Musician Saboi says husband abusive
By Jo Fidgen BBC News- One of Zambia’s most famous singers has revealed how she was badly beaten by her husband. She now hopes to lift the lid on the country’s ingrained acceptance of domestic violence.
“My husband will kill me,” giggles Saboi Imboela nervously. “But, yes, he once beat me up so badly I reported him to the police.”
The 32-year old is one of Zambia’s top vocalists. Her husband is a popular actor, Owas Ray Mwape. This is the first time she has spoken publicly about the beating she received at his hands, and she wriggles uncomfortably at the memory.
“It was the police who begged me not to take it further,” she recalls, revealing some of the engrained attitudes she is now taking on.
“They told me: ‘We know how you women are. We’ll lock him up and in a minute or two, you’ll change your mind and want him released.'”
Her doctor also dissuaded her from reporting the assault, as did some of her friends.
‘Part of growing up’
Campaigners believe more than half of Zambian women have suffered domestic abuse but cases rarely come to light because of the stigma attached to speaking out.
Young women are taught by their elders to accept punishment from their husbands when they are disobedient. Even cooking a bad meal warrants a smack.
“That’s how you grow up in Africa,” explains Mr Mwape.
“To be a man, you need to discipline a woman, give her a slap or two. You know, in our culture, it’s OK because that’s how we feel we love our women.”
It is a message driven home at boys’ initiation ceremonies – chastisement is a sign of affection and a woman never achieves the status of an adult. Like a child she needs to be “trained” to behave well.
In some parts of the country tradition allows a man to beat his wife if he survives a crocodile attack.
In others, a wife’s infidelity is revealed when her newborn baby coughs. She must take the consequences.
“Tradition is used as a cover for domestic violence,” complains Johnson Tembo.
As chairman of the Men’s Network, he tries to persuade his peers to alter their behaviour.
But he believes women’s attitudes need to change too.
“Some women are foolish enough to think that if they are not beaten by their husbands, they’re not loved,” he says.
It is a problem recognised by the Zambian government’s Gender in Development Division.
Director Christine Kalamwina is forthright about the challenges she faces in tackling domestic abuse.
“The majority of women enjoy a beating, because they are made to believe it is part of our tradition,” she says.
She believes the answer is to create awareness that violence against women is discrimination.
“Then they can stand up and claim their rights,” she says.
Those rights are being discussed with the drafting of an anti-domestic violence bill.
As it stands, the law does not recognise attacks on women as a specific crime. Cases are treated as simple assault.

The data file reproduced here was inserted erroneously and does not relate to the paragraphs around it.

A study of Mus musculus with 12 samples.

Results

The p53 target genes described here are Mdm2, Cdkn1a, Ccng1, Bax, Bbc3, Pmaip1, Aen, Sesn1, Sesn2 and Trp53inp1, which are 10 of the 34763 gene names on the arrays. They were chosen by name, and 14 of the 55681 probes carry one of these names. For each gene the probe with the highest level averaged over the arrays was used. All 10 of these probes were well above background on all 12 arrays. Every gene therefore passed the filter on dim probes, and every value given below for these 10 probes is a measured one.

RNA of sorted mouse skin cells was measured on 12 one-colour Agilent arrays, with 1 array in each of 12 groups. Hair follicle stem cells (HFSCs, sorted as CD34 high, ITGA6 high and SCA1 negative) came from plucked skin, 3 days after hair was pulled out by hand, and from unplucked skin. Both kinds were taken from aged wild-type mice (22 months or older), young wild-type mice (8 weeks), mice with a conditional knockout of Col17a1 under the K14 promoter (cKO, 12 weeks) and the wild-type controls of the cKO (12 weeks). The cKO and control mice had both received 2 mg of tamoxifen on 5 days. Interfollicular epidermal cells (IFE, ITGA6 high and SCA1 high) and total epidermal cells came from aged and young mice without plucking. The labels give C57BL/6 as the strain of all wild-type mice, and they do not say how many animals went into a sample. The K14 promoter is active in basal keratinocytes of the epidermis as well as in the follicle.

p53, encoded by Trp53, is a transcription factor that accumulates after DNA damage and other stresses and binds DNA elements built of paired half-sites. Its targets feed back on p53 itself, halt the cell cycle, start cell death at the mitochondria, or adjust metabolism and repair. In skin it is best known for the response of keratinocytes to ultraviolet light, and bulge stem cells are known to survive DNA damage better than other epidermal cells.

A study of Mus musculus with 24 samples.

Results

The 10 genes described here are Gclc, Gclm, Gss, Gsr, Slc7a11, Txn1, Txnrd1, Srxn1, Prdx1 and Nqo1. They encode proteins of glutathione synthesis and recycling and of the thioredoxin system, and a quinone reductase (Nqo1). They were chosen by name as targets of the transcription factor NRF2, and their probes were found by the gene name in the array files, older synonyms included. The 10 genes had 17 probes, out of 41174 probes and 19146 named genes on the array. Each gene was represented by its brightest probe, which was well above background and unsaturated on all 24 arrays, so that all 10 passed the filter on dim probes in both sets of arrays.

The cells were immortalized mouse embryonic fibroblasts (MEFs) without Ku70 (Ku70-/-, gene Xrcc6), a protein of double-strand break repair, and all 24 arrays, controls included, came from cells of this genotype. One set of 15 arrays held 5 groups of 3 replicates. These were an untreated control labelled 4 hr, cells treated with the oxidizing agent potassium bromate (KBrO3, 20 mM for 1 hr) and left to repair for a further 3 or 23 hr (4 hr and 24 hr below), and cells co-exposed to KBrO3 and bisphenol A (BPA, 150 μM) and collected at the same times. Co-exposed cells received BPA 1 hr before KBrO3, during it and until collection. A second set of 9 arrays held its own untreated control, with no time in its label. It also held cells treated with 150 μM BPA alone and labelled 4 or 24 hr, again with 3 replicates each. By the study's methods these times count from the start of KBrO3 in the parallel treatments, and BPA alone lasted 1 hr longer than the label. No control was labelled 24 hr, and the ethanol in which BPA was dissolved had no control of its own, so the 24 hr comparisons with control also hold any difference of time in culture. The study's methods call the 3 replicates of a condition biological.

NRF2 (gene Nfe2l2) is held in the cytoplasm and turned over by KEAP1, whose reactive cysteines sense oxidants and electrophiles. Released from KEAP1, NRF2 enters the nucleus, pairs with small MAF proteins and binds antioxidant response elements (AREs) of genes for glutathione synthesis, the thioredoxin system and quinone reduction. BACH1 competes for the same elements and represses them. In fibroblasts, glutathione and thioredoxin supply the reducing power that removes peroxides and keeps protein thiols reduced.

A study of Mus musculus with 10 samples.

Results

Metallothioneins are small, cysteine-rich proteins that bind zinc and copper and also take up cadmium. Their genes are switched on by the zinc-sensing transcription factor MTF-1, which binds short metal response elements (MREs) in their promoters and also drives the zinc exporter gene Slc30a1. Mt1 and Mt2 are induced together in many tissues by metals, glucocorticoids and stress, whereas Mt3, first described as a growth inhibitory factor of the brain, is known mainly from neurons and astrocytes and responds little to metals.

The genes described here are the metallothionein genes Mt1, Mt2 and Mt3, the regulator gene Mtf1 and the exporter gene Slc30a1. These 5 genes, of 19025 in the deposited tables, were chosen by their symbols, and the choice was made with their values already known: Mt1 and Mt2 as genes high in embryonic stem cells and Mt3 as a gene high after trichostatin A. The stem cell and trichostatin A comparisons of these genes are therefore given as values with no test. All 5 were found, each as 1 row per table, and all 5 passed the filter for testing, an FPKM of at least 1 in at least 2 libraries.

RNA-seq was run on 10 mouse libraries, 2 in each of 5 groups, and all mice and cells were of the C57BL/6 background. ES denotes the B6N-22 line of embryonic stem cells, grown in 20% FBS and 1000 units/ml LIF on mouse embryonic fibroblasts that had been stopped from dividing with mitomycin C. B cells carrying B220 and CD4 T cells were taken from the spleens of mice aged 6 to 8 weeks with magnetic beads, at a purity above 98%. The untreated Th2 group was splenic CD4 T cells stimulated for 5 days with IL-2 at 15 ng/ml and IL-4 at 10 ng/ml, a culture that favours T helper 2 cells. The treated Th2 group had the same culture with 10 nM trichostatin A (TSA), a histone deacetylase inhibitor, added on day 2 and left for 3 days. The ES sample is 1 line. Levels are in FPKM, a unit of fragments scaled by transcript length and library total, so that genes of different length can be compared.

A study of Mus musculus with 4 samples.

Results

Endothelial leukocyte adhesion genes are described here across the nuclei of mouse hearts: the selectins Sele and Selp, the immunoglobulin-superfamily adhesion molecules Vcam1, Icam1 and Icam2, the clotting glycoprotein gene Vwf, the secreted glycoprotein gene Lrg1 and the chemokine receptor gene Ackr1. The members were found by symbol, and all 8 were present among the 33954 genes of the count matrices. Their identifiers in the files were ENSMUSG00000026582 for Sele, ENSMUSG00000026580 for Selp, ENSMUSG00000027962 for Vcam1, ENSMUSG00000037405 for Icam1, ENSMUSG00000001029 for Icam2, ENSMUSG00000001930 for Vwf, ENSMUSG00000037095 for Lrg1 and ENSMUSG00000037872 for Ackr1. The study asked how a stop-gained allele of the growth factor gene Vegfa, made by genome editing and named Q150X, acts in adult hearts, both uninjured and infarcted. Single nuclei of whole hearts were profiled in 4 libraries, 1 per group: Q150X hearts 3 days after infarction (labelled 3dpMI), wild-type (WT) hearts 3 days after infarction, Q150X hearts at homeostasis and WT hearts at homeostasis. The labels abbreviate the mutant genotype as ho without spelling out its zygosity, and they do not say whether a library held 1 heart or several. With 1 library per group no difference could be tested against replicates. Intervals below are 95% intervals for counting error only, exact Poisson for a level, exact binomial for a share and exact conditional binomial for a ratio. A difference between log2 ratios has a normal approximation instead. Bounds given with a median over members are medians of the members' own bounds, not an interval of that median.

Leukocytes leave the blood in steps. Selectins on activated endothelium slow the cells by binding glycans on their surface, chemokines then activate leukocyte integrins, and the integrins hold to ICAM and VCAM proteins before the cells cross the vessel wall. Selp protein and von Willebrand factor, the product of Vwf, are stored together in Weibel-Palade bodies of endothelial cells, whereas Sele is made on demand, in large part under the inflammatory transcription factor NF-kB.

But the bill, which is designed to change that, is already running into difficulties.
A clause outlawing marital rape has been dropped because of cultural considerations.
And Ms Kalamwina says it is proving hard to reach agreement on where to draw the line between courtship rituals and sexual harassment in a country where women are expected to play hard to get.
‘Partner or doormat?’
But even if the law is tightened, would it make a difference?
The risks of taking a stand against domestic violence are too great for many women. They are often blamed for provoking their husbands and ostracised for exposing them.
Divorce may follow, with devastating consequences.
“Abused women tell us they don’t want their relationships to break up because the husband is the bread-winner, and they won’t be able to take care of their children,” says Hope Kasese Kumalo, the acting national co-ordinator for Woman and Law in Southern Africa.
“There’s a lot of glorification of marriage in this country,” she says.
“Some women who are economically independent will not speak out against violence because they want to stay married at all costs.
“If you are married you are respected; if you are not, people will think there is something wrong with you.”
A battered woman who runs to her parents is often sent back to her abusive husband.
Fortunately, not all cases end badly. At home in Lusaka, Ms Imboela and Mr Mwape snuggle up on the sofa together.
“He’s a good husband, we’ve sorted out our differences,” smiles Ms Imboela.
Mr Mwape counts himself lucky.
“I was ready to go jail for what I did; I deserved it. I have stopped hitting my wife for the sake of our boys. I don’t want them to become what I became,” he says.
“I’m pleased Saboi has spoken about this. That’s the way to go.”
Is he worried about his reputation?
“No, I don’t have concerns that people will think less of me now, because in Zambia, 99.9% of men have committed that crime before,” he says.
Ms Imboela is now working on a song about women’s rights, called Yenze Nthawi Yakayena (That Was Then).
“Men have always mistreated their wives. But times have changed, and men must too,” she sings.
She says she hopes abused women will hear her song and “stand up and say: ‘This is wrong’.
“And that men will look at their situation and say: ‘I love my wife and I shouldn’t treat her like this. She’s my partner, not my doormat’,” she says.